EMU baseball player, a natural ‘people person,’ finds success in financial sales

In the EMU Royals dugout from 2014-16, Aaron Hooven was a talker, remembers baseball coach Ben Spotts.

“I had to stay on him sometimes, but to his credit, he always listened,” Spotts said. “He was definitely a people person, and people are drawn to him because of his personality.”

That amiable nature has contributed to Hooven’s current success in the business world – he now works in financial sales with a growing company in the Atlanta, Georgia area.

Aaron Hooven spent three years with the Royals and also logged summers in the local Rockingham County Baseball League and the more prestigious NCAA-certified Valley League with the Staunton Braves. (File photo)

But in a recent interview outside the company’s Kennesaw corporate headquarters, Hooven will admit his polish took some “honing.”

“I’m the kind of guy who knows no stranger,” he said, which is why he remembers his speech class at EMU as particularly valuable. “If you’re an extrovert like I am, the speech class teaches you to rein it in. Even now, sometimes I’ll just stop myself and tell myself to listen. You learn just as much by listening well and asking questions as you do by talking.”

HR, mediation classes provided important preparation

As a recreation leadership and sports promotion major, Hooven was always interested in business. “I like to talk to people, and business is always about how you speak and how you handle yourself in conversation.” So he looked for work that involved people and would play to his socially oriented strengths.

And he found that his classes at EMU had prepared him in important ways.

“The courses in human resources and mediation really teach you how to have intelligent conversations and to be able to pick up on where people are coming from,” he said. “Essentially it is how to deal with conflict – and we deal with conflict every day. That conflict doesn’t have to be negative or violent, but there is always a problem to be solved, and we have to talk to people to solve it. You have to be able to pick up on things in the conversation to move the process forward.”

The ability to speak and articulate well in high-pressure situations and under scrutiny is under-estimated, Hooven said. His baseball experiences – he was primarily a reliever on the mound – have contributed to some comfort level in situations where others might be distracted or uneasy. Working in a commission-based model appeals to him, he said, in part because it takes the same mettle he learned in athletics.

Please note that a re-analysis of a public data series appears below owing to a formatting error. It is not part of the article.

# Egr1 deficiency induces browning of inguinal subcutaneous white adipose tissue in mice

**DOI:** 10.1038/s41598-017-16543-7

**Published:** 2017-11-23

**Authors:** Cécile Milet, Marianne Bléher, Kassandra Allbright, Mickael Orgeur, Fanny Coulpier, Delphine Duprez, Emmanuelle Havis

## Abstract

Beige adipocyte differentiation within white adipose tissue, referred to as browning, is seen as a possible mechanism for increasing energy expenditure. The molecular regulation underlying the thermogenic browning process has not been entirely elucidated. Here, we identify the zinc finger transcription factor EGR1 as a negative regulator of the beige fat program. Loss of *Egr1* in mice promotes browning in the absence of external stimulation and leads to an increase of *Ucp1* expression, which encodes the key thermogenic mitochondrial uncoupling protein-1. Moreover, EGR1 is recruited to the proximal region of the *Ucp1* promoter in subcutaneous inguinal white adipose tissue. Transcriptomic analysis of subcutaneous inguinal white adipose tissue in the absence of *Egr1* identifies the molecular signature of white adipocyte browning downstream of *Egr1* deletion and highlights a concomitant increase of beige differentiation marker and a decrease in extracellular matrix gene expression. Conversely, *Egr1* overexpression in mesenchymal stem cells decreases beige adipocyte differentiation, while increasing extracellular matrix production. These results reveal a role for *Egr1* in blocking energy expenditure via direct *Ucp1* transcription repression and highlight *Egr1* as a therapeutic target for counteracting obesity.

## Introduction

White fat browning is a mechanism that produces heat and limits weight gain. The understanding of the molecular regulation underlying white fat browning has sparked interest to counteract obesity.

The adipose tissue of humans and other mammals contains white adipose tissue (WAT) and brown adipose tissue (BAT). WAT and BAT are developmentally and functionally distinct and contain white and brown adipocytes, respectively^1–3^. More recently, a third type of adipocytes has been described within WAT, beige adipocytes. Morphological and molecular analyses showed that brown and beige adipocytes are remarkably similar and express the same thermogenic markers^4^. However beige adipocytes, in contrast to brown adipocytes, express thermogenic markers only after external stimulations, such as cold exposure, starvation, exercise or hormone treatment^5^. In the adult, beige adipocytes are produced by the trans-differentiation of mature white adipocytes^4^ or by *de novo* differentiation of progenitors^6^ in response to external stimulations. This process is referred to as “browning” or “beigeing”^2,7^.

High-achieving sales associates in the company were at one point routinely asked to provide a motivational speech for their colleagues. When he had earned the honor, Hooven shared something he’d learned while playing under Spotts at EMU.  

“Do everything with a purpose,” he said. “Ben taught us that. Even if you’re playing catch and warming up, hit the guy in the chest every time. So I took that idea and adapted it [to sales]. The river and the flood are both fast-moving water with a current, but the flood lacks vision and focus. The river cuts through the land and is purposeful and so makes a deep impact. We get in flood mentality sometimes, we rush through things and leave a lot of damage behind us. We need to be purposeful and focused in everything we do.”

Athletics experience helps job search

Hooven’s sports experience also helped him find a place in the workforce. After graduation in May 2016, Spotts connected him with a summer internship at LakePoint Sports, a large mixed-use development in suburban Atlanta that caters to youth sports tournaments and related travel experiences. That internship was where he met his future wife (they married in September 2018) and where he was offered a full-time position as the marketing director.

After a year there, Hooven attended a networking event where an acquaintance suggested he look into financial sales. “I see myself doing this for a while,” he said. “I love Atlanta, it’s a booming place, and there’s a lot of opportunity here.